Organized cybercrime rings have spearheaded a sharp increase in identity theft, which has skyrocketed nearly 50 percent in three years, according to a just-released Gartner survey.

Meanwhile, the average loss per incident jumped 131 percent, from $1,408 in 2005 to $3,257 last year, according to the poll, which surveyed 5,000 adults in the United States. Unauthorized charges placed to credit cards rose four times their 2005 average to $2,550 in 2006.

According to the study announced Tuesday, about 15 million Americans "were victimized by some sort of identity-theft related fraud" in the 12 months ending in the middle of 2006. This was up roughly 50 percent compared to the Federal Trade Commission’s findings in 2003 that 9.9 million American adults suffered identity theft.

"One of the key trends that came out of this survey is that data breaches didn’t really exist to the scale they existed three to four years ago," Gartner analyst Avivah Litan told SCMagazine.com today. "A group of criminals out of Eastern Europe started these external hacks that led to these big breaches. They discovered weaknesses in the retailers’ payment systems."

Thieves also are employing phishing schemes and conducting online auction scams to steal identities, Litan said.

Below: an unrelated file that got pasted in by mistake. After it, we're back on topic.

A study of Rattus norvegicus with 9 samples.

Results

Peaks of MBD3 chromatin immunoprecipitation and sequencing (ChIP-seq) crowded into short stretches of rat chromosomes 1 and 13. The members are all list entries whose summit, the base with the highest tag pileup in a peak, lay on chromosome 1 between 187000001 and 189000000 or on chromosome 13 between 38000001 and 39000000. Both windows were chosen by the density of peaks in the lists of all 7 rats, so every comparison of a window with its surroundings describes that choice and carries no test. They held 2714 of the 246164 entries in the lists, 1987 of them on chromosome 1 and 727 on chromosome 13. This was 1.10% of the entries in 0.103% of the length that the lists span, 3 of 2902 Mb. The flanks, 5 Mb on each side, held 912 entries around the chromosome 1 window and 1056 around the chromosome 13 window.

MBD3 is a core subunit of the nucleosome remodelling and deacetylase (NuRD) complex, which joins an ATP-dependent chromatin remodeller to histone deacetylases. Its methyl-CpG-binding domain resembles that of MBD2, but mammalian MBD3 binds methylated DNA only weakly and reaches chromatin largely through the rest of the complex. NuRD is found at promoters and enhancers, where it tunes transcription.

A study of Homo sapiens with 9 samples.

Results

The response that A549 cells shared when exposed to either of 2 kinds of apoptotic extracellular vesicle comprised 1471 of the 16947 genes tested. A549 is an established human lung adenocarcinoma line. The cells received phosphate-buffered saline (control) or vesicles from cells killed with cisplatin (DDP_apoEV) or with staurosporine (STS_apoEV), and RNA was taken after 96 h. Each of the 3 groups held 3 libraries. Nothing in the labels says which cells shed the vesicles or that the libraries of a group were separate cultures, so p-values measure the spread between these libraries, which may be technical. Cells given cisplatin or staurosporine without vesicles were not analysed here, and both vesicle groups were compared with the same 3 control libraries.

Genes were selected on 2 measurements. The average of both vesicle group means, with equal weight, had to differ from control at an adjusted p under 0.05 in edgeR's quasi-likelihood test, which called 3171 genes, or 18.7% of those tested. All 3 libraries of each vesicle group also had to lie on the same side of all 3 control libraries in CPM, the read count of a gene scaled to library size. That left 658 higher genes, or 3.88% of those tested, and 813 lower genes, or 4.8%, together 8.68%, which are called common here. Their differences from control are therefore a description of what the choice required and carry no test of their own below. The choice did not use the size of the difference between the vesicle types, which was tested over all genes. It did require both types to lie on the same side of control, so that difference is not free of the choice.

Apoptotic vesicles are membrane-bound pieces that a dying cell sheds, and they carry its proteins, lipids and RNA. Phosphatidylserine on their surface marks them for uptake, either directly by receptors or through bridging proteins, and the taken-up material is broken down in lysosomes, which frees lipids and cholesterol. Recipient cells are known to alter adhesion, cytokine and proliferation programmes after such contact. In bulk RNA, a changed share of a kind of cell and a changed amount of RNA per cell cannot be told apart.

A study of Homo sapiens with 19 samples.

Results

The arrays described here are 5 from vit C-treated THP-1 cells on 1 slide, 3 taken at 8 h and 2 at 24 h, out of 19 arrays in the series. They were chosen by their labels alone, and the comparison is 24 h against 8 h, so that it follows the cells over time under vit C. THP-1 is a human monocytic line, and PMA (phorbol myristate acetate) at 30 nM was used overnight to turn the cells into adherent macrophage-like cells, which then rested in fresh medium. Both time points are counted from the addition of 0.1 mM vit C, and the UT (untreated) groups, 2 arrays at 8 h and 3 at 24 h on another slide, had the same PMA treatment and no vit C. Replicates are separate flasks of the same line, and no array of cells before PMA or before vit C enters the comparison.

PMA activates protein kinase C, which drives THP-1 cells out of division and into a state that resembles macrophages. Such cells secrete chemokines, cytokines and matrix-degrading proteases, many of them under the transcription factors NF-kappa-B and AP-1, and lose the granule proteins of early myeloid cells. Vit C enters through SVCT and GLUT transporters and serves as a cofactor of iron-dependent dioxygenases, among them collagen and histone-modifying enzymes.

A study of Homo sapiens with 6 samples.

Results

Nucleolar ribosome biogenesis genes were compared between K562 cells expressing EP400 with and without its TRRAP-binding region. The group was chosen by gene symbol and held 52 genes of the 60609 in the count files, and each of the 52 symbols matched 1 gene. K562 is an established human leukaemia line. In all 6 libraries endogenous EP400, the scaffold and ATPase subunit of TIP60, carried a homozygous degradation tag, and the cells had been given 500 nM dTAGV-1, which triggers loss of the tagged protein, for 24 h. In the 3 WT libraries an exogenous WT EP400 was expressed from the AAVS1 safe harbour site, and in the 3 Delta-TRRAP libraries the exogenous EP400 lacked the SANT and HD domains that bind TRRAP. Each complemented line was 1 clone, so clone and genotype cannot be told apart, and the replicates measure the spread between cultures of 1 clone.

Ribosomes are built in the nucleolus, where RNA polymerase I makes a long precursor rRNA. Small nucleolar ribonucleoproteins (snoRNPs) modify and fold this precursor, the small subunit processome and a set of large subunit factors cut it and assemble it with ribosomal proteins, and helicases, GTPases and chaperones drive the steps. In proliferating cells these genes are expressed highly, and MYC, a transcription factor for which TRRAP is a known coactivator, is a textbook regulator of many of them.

The survey shows that new account fraud, in which criminals use stolen identities to open accounts, more than doubled, from $2,678 in 2005 to $5,962 last year.

Litan said organizations, particularly those that store the personal information of customers, should recognize the shifting threat landscape and "expect" to be hacked.

"Security should no longer be treated as a basement background function," she said. "It really does take some commitment from the executive suites."

Meanwhile, software companies such as Microsoft and Cisco should focus efforts on building more secure products before they hit the market, and internet service providers (ISPs) should at least check the health of a user’s machine when they are logging onto the web.

A more far-reaching goal is that some sort of internet "identity layer" can be formed in which mutual authentication becomes the norm when users sign on to the web, she added.

"It’s not good news," Litan said of the survey. "I guess the only comfort is that the U.S. is not alone. The same reports are coming out of Europe."

Click here to email reporter Dan Kaplan.